The sinuses are a connected system of hollow cavities in the skull. The largest sinus cavities are around an inch across; others are much smaller. The sinus cavities include:
• The maxillary sinuses (the largest), in the cheekbones.
• The frontal sinuses, in the low-center of the forehead.
• The ethmoid sinuses, between the eyes, at the nasal bridge.
• The sphenoid sinuses, in bones behind the nasal cavity.
The sinuses are lined with soft, pink tissue called mucosa. Normally, the sinuses are empty except for a thin layer of mucus.
The inside of the nose has ridges called turbinates. Normally these structures help humidify and filter air. The nose is divided in the center by a thin wall, called the septum. Most of the sinuses drain into the nose through a small channel or drainage pathway called the middle meatus.
The purpose of the sinuses is unclear. One theory is that sinuses help humidify the air we breathe in; another is that they enhance our voices.
- Acute sinusitis (sinus infection): Viruses or bacteria infect the sinus cavity, causing inflammation. Increased mucus production, nasal congestion, discomfort in the cheeks, forehead or around the eyes and headaches are common symptoms.
- Chronic sinusitis (or chronic rhinosinusitis): More than just a series of infections, chronic sinusitis is a persistent process of inflammation of the sinuses.
- Allergic rhinitis: Allergens like pollen, dust mites, or pet dander cause the defenses in the nose and sinuses to overreact. Mucus, nasal stuffiness, sneezing, and itching result.
- Deviated septum: If the septum that divides the nose deviates too far too one side, airflow can be obstructed.
- Turbinate hypertophy: The ridges on the nasal septum are enlarged, potentially obstructing airflow.
- Nasal polyps: Small growths called polyps sometimes grow in the nasal cavity, in response to inflammation. Asthma, chronic sinus infections, and allergic rhinitis can lead to nasal polyps.
- Physical examination: A doctor can look into the nose with a lighted viewer to see the turbinates, which may be swollen. She may press or tap on the face over the sinuses to check for pain.
- Computed tomography (CT scan): A CT scanner uses X-rays and a computer to create detailed images of the sinuses. CT scanning can help diagnose chronic sinusitis.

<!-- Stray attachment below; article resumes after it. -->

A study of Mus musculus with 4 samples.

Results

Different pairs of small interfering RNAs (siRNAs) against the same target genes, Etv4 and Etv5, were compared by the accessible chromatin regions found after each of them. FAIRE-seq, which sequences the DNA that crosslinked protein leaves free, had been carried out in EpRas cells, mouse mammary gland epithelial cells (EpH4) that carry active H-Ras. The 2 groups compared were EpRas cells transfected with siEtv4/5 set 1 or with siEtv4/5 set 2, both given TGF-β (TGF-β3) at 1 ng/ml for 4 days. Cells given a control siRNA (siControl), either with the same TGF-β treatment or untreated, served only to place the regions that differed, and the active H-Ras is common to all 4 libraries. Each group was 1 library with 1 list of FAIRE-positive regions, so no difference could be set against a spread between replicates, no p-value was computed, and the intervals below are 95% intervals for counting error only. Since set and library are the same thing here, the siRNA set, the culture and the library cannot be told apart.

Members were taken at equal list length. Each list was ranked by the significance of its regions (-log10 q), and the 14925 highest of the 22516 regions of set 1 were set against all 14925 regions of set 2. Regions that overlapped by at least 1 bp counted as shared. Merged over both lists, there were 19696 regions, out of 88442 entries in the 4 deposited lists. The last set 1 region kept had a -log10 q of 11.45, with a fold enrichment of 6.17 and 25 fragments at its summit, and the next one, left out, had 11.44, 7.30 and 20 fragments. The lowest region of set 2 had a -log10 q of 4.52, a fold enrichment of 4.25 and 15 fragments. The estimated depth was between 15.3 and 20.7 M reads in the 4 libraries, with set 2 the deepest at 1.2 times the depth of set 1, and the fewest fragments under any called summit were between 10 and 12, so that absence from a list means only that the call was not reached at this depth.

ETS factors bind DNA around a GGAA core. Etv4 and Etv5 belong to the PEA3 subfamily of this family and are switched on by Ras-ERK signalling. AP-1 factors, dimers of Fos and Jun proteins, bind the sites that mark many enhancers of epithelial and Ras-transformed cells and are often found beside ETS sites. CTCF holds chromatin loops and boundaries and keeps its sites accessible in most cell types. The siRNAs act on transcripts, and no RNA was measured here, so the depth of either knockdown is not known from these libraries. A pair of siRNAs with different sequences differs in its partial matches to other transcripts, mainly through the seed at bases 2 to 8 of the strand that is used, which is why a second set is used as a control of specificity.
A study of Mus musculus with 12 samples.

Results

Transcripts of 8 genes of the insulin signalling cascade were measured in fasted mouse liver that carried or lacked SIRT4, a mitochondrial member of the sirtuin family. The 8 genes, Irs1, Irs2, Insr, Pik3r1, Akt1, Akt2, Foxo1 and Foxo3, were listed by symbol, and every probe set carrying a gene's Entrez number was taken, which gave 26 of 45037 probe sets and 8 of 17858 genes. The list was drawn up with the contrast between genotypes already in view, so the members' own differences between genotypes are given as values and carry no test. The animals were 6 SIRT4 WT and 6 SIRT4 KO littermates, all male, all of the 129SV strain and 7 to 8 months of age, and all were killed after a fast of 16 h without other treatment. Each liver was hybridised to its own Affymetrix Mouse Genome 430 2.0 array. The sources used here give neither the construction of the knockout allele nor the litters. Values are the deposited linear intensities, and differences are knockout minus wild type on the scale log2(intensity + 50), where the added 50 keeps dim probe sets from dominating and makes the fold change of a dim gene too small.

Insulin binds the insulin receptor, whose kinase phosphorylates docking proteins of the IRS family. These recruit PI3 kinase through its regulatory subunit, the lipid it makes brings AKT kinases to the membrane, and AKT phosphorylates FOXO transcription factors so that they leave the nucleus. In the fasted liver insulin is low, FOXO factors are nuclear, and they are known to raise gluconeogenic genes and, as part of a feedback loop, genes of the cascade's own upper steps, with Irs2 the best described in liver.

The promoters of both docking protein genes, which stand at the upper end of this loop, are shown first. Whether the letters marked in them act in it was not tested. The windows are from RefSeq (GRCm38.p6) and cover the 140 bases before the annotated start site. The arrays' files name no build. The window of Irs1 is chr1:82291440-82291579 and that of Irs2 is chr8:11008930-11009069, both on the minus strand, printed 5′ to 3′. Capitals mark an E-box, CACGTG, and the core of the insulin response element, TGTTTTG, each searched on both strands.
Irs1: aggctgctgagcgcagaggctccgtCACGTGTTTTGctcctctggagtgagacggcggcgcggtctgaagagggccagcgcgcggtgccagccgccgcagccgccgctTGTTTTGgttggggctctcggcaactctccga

- Magnetic resonance imaging (MRI): Magnetic waves create highly detailed images of the sinuses. CT and MRI scans may be used together.
- Endoscopy (rhinoscopy): Using a flexible tube with a camera on its end, a doctor can examine the inside of the nose and sinuses.
- Sinus cultures: A mucus sample can be taken from inside the sinuses. This is done with a needle or during endoscopy.
- Skin Test for Allergies: Skin testing for various allergens can help determine if allergies are contributing to sinusitis.
- Sinus X-ray: A plain X-ray may show problems with the bones around the sinuses. A CT scan is superior to plain X-ray films.
- Decongestants: Medications that cause blood vessels in the inner nasal tissue to constrict. As a result, there is less sinus congestion, mucus production and postnasal drip.
- Nasal steroid spray: Regular use of nasal steroids can reduce the symptoms of allergic rhinitis. These medications help relieve tissue swelling and help prevent the regrowth of nasal polyps after sinus surgery.
- Nasal saline spray: Salt water nasal spray breaks up dried mucus and helps to keep the nose moist.
- Nasal washes: rinse mucous from the nasal cavities and sinuses.
- Antihistamines: Oral histamine blockers (Benadryl, Claritin, Zyrtec, Allegra) can reduce the nasal and sinus symptoms from allergic rhinitis.
- Antibiotics: Anti-bacterial oral medicines may be needed to treat bacterial sinusitis.
- Sinus surgery: Surgery can improve or correct some sinus conditions. Usually surgery is used to remove growths or to open an obstruction.